The Department of Justice has announced federal hate crime charges against Michael Kadar, a dual American-Israeli citizen accused of making thousands of threatening calls to Jewish centers across the U.S. in early 2017 and stoking fear amid a wave of anti-Semitic incidents throughout the country.
Mr. Kadar, 19, was named in three separate federal indictments unsealed Wednesday in connection with allegedly making threats against Jewish targets in Florida, D.C. and Georgia, adding dozens of new criminal counts to a laundry list of charges announced last year and earning praise from advocates who had pleaded with prosecutors to charge him with hate crimes.
In Florida, federal prosecutors charged Mr. Kadar with hate crimes for allegedly repeatedly calling Jewish community centers across the state and reporting bomb threats and active shooter situations, effectively “attempting to obstruct the free exercise of religion,” according to prosecutors. Additionally he made similar threats to victims including a middle school and the Orlando International Airport, among others, repeatedly prompting closures, evacuations and lockdowns, prosecutors alleged.
In D.C., federal prosecutors separately charged Mr. Kadar with allegedly transmitting threats to both the Anti-Defamation League and the Israeli Embassy last March. In Georgia, prosecutors charged Mr. Kadar with cyberstalking and conveying false information for allegedly reporting a bogus hostage situation last January.
“When individuals target victims of their crimes based on who they are, what they believe, or how they worship, they target the bedrock principles on which our nation was founded,” Attorney General Jeff Sessions said in a statement. “These alleged threats of violence instilled fear in the Jewish community and other communities across the country, and it is the Justice Department’s duty to make sure all Americans can live their lives without this type of fear.”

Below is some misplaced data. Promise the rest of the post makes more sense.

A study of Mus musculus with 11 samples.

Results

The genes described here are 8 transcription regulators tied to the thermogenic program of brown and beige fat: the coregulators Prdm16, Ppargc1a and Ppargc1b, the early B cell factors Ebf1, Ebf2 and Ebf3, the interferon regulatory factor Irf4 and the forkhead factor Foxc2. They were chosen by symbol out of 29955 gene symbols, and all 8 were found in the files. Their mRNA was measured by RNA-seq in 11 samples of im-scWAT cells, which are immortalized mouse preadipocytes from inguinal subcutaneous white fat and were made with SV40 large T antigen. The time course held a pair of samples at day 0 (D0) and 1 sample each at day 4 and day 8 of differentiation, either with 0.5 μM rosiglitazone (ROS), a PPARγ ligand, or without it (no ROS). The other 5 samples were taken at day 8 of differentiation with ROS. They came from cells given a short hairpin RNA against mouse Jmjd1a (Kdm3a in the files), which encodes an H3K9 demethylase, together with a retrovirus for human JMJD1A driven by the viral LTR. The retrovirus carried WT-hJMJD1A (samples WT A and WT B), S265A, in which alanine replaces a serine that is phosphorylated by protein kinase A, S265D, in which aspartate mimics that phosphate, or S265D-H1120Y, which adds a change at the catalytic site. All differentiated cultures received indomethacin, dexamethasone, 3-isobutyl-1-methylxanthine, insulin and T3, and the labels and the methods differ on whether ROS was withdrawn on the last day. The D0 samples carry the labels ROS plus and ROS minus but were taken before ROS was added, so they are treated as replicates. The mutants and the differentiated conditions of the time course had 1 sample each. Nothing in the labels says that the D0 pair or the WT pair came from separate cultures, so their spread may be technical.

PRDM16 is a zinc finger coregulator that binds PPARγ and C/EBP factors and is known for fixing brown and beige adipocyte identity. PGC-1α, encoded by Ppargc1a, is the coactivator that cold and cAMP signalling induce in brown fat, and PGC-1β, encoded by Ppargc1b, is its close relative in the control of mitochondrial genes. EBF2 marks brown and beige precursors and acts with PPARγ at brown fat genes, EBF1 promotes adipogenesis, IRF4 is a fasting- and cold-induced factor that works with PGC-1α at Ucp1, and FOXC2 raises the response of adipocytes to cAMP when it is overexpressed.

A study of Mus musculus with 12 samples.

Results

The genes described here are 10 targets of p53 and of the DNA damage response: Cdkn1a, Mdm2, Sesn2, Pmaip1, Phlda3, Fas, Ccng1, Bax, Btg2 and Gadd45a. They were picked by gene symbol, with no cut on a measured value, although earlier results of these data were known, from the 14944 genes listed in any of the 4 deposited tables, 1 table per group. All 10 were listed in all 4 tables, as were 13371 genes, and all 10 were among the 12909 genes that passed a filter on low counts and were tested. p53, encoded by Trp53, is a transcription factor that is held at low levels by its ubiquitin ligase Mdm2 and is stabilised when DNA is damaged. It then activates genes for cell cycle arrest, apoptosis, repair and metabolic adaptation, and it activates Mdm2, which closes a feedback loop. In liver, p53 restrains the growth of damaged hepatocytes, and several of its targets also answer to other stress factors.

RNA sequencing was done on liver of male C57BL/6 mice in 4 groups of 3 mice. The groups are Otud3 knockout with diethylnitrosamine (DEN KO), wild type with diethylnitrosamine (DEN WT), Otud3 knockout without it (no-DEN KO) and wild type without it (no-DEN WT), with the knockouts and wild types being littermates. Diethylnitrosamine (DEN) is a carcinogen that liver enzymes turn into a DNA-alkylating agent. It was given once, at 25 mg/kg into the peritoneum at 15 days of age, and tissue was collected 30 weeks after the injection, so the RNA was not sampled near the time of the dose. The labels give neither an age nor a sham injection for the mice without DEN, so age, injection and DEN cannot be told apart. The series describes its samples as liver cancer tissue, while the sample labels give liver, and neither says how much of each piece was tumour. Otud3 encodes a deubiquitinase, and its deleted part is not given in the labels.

Mr. Kadar was arrested in Israel last March, and in April he was charged by U.S. prosecutors with more than two dozen criminal counts in connection with allegedly placing nearly 250 threatening calls during the first three months of 2017. He was separately indicted by the Israeli State Prosecutor’s office with allegedly threatening and intimidating more than 2,000 institutions around the world, and he has been held in Israeli custody awaiting trial, local media reported Thursday.
Authorities have not said if Mr. Kadar will be extradited to the U.S. and/or if he will be tried abroad. Each of the 10 hate crime charges he faces carries a maximum of 20 years imprisonment upon conviction, the Justice Department said in a statement.
“Make no mistake, these threats were acts of anti-Semitism and deserve to be treated as a hate crime,” said Jonathan Greenblatt, the head of the Anti-Defamation League, a Jewish advocacy group allegedly targeted by Mr. Kadar. “They targeted Jewish institutions in order to stoke fear and anxiety, and put the entire Jewish community on high alert,” he said in a statement.
“We again call on Congress to enact legislation to expand federal protections against bomb threats to religious institutions. The House of Representatives approved their version of this measure in December and now the Senate must act without hesitation,” he said.
The number of anti-Semitic incidents reported within the U.S. spiked by nearly 60 percent in 2017, the ADL said in a report earlier this mark, constituting the largest single-year spike since the organization began keeping track in 1979.